By: JUBILEE! Minister Rev. Candace Chellew-Hodge
“I was ready to be sought out by those who did not ask, to be found by those who did not seek me. I said, ‘Here I am, here I am’, to a nation that did not call on my name.”
That’s how our ancient Hebrew scripture (Isaiah 65:1-9) begins this morning. It is a call from a loving God to people who are seeking real freedom. As the reading continues, it sounds dire for those who seek freedom away from God. They are called “rebellious” people who seek after things that are not good for them, chasing after things that they believe will make them free, but really just puts them deeper and deeper into bondage.
Not much has changed since Isaiah’s day. We’re still seeking after things we think will give us freedom in the form of money, stuff, relationships, anything that takes away our discomforts and gives us even a moment of pleasure and relief from our anxieties and fears.
What the Holy offers, however, is freedom from all of our fear and anxiety, no matter what the world looks like around us. What the Holy offers is the opportunity to dance with the delight of freedom, even if we find our outer world one of oppression and violence.
In South Africa, during Apartheid, when an oppressive white colonial government believed that freedom is best found by beating others to the ground, the native black South Africans used an unusual weapon to bring down Apartheid: dance.
The dance is called toyi toyi and if you’ve ever seen videos of protests in South Africa, you’ve seen it. The people cluster together and stamp their feet. When they do it together in a group, it appears that they are bouncing up and down in rhythm together. While they dance, they chant. One part of the group will chant, “Amandla” which means, “power.” The rest will then chant, “Awethu” which means, “for us.” So, they’re dancing and chanting, “Power to the people.”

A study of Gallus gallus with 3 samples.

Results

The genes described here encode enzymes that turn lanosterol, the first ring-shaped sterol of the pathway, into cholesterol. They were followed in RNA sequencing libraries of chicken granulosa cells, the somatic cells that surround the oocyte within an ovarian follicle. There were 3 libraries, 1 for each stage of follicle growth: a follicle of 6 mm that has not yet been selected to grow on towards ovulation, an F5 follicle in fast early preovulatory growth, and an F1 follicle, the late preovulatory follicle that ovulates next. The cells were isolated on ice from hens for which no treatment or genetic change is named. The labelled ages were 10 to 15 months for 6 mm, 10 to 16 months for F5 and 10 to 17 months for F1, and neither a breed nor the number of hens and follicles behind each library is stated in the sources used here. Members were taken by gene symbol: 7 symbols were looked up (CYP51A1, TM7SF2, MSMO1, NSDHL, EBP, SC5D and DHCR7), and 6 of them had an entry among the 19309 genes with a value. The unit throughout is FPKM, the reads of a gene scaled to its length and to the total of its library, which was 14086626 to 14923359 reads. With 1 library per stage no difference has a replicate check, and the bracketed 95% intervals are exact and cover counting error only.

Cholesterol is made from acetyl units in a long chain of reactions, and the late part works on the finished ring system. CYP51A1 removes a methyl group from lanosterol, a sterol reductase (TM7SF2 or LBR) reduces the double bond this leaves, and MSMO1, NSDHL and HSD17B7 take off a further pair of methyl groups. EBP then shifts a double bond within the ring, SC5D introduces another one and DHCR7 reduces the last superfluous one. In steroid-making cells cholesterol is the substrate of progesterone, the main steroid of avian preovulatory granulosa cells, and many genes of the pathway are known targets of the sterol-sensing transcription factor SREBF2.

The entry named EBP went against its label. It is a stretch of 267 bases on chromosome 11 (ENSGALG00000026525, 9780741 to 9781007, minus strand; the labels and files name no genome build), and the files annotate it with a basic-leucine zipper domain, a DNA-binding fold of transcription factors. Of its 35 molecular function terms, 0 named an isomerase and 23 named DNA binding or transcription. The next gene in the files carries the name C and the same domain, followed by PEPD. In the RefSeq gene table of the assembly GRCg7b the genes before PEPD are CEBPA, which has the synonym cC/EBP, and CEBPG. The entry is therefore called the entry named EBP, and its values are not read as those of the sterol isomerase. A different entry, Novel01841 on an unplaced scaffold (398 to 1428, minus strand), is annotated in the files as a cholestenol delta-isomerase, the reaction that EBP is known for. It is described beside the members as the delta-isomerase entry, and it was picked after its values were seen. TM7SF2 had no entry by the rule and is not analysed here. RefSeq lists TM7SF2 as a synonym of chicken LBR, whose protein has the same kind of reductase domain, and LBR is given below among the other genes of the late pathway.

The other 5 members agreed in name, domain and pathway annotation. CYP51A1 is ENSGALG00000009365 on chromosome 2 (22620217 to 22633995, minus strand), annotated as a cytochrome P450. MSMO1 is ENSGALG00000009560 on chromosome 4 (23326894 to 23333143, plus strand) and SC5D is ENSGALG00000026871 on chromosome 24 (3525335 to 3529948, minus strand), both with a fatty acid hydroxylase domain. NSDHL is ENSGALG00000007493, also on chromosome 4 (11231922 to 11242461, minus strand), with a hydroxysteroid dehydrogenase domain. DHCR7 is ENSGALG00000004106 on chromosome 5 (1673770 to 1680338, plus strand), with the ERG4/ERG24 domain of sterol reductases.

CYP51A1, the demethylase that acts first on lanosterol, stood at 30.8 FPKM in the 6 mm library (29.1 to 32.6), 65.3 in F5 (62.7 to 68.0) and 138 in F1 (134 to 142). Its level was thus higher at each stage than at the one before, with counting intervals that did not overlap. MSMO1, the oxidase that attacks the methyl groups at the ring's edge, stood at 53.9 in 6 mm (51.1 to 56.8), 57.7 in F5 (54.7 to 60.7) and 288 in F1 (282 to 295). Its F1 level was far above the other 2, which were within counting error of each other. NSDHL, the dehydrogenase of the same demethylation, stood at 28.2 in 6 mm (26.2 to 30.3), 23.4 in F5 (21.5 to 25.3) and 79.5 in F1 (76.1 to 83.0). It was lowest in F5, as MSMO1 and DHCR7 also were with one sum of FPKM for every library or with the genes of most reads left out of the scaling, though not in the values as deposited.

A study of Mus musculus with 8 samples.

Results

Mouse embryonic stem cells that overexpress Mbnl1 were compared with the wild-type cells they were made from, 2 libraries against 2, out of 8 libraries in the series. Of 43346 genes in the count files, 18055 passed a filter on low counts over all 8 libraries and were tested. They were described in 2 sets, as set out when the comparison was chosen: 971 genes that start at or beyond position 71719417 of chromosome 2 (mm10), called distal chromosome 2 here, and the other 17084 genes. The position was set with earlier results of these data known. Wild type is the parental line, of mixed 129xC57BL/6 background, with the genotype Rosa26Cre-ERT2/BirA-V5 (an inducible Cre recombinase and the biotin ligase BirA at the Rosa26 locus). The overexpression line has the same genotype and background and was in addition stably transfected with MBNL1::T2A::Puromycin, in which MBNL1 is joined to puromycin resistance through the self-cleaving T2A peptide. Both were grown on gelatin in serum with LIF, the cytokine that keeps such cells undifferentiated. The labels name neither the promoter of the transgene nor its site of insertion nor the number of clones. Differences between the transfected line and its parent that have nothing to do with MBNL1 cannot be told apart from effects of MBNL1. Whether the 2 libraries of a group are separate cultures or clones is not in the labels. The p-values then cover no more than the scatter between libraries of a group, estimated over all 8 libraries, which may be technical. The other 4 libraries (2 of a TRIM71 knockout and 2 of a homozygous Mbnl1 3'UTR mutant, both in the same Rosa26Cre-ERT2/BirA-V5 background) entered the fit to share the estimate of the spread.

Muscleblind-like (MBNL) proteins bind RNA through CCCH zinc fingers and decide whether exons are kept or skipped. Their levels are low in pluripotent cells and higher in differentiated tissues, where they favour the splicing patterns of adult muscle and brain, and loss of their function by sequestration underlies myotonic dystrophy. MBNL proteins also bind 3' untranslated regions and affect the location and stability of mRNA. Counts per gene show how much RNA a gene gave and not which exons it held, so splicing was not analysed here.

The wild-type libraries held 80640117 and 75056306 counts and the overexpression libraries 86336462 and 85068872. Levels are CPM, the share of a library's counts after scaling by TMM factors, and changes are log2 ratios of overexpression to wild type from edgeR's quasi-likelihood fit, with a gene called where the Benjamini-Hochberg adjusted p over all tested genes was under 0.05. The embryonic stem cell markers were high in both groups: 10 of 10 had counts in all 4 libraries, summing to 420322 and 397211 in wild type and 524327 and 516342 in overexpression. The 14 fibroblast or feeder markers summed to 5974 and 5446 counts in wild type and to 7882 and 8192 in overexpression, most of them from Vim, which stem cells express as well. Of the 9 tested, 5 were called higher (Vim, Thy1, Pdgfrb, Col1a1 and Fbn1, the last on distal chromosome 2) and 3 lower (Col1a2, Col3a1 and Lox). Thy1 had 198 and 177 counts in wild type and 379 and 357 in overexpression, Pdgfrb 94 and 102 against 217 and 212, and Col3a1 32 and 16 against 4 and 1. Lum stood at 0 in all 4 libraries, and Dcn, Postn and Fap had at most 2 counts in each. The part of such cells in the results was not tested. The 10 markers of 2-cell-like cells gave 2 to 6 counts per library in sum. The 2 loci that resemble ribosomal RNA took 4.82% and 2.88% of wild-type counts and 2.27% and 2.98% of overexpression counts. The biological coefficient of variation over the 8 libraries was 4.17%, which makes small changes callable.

A former riot policeman in South Africa said the chanting crowds scared the crap out of the police – though he used a different word. “Here was an unarmed mob,” he said, “instilling fear just by their toyi-toyi!”
The South Africans knew this was the only way to claim their power, by dancing together, in a group that the police would have no power against. It was the power of this dance that embodied the true human-divine spirit that overcomes all earthly oppression, even Apartheid.
The dance has such power that when Nelson Mandela finally took over as the country’s president, he danced the toyi toyi at his inauguration.
South Africans finally won the freedoms they sought from the government, but they understood that they had deep freedom all along – and they could bring that forward even as they reformed the government. They knew, like Isaiah before them, that though the nation they lived in was not perfect, their aim was not to destroy it. Instead, they protested, they danced, to bring forth the blessing for everyone that they knew was there.
“You can take everything away from South Africa,” said one dancer, “but you can’t stop us from dancing.”
No matter how oppressive, violent or terrible this world gets, Jubilants, don’t ever let it stop you from dancing.